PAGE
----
Something very dramatic, but a word of caution. The Gianni Botsford Pavilion modernist house in London W11 comes at a price.
Frustratingly, I can’t see enough of the exterior to make a firm judgement on it. But what I can see is reminiscent of Mies Van Der Rohe, a take on the ‘glass box’ with open plan living space to the fore.
But it isn’t just a rerun of that concept. This is an individual piece of architecture in its own right.
First off, we have to talk about that ceiling, which is the real drama in this house for me. Described ‘the stuff of utopic architecture’, the roof seems to have a life of its own, covering and almost smothering the living space below. In a good way, obviously.
The roof also adds volume to the house, rising almost two storeys high and with a glass apex for a focal point. That’s the key feature right there. But it isn’t the only drama in this place.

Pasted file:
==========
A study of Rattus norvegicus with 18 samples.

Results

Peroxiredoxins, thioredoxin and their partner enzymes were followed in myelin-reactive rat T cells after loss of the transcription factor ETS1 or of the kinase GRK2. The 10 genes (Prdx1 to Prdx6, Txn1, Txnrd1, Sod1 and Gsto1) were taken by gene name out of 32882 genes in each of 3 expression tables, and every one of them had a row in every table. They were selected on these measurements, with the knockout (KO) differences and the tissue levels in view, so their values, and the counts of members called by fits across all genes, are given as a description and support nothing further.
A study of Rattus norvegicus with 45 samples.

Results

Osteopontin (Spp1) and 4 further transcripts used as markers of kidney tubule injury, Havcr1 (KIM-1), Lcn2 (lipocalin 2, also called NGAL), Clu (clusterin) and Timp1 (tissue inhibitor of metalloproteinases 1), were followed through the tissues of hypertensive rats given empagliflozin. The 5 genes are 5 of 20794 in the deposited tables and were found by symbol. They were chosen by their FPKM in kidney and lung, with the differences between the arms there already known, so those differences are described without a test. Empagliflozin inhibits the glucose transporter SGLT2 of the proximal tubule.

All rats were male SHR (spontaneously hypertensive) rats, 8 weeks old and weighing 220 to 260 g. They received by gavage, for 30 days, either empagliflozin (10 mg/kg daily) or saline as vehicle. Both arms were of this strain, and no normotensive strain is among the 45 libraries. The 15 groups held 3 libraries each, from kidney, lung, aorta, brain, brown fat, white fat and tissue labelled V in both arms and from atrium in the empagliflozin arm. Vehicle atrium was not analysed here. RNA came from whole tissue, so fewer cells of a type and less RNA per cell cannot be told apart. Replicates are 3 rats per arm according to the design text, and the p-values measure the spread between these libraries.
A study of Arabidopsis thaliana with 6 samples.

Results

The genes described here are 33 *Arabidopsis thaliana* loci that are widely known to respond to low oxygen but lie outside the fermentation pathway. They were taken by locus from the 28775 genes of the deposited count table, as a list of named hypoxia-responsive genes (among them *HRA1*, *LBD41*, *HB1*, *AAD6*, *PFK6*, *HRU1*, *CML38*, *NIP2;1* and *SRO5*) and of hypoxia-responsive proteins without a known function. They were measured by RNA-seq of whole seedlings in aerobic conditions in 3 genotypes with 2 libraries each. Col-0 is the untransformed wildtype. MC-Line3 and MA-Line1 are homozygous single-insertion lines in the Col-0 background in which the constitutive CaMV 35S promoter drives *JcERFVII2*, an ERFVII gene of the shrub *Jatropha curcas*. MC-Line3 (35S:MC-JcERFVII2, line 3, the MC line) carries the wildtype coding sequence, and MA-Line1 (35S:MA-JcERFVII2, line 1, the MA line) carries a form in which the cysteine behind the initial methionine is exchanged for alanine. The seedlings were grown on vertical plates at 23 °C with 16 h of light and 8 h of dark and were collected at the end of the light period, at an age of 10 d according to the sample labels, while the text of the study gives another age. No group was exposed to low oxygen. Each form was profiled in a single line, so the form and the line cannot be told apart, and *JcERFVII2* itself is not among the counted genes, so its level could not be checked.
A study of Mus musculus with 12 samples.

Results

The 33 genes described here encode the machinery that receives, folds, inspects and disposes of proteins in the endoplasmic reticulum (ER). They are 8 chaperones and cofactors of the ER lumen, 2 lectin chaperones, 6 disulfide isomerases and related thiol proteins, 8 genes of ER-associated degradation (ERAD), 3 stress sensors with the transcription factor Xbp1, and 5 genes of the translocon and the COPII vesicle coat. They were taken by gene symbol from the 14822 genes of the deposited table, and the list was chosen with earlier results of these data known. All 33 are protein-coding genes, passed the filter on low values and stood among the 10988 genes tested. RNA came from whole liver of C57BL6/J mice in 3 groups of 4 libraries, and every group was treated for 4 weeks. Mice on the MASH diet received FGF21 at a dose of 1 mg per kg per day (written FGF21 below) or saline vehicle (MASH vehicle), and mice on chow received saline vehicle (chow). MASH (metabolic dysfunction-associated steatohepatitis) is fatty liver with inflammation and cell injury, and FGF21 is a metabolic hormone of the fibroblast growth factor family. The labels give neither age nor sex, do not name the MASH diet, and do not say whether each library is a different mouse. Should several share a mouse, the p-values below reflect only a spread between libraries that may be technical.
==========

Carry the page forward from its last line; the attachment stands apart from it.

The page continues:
The high open-plan living space is also impressive, containing the living room / kitchen / dining space and completely glass-walled to the east and west. Beyond that glazing is the landscaping, said to be ‘reminiscent of dreamy Japanese Zen gardens’ and a swimming pool, separated from the main reception space by a glass divide.
Bold, luxurious architecture, but at the end of the day, still a house, although at times you might think you are in a particularly high-end hotel.
The layout includes that stunning reception room and kitchen area, a contemporary living room, the master bedroom suite with dressing room, a guest bedroom and guest bathroom a study or further bedroom and a guest bathroom and steam room, along with private courtyard garden and winter garden and the swimming pool with hot tub.
Statement architecture in a sought-after postcode. No surprise to see this up for £5,950,000.
Images and details courtesy of Domus Nova. For more details and to make an enquiry, please visit the website.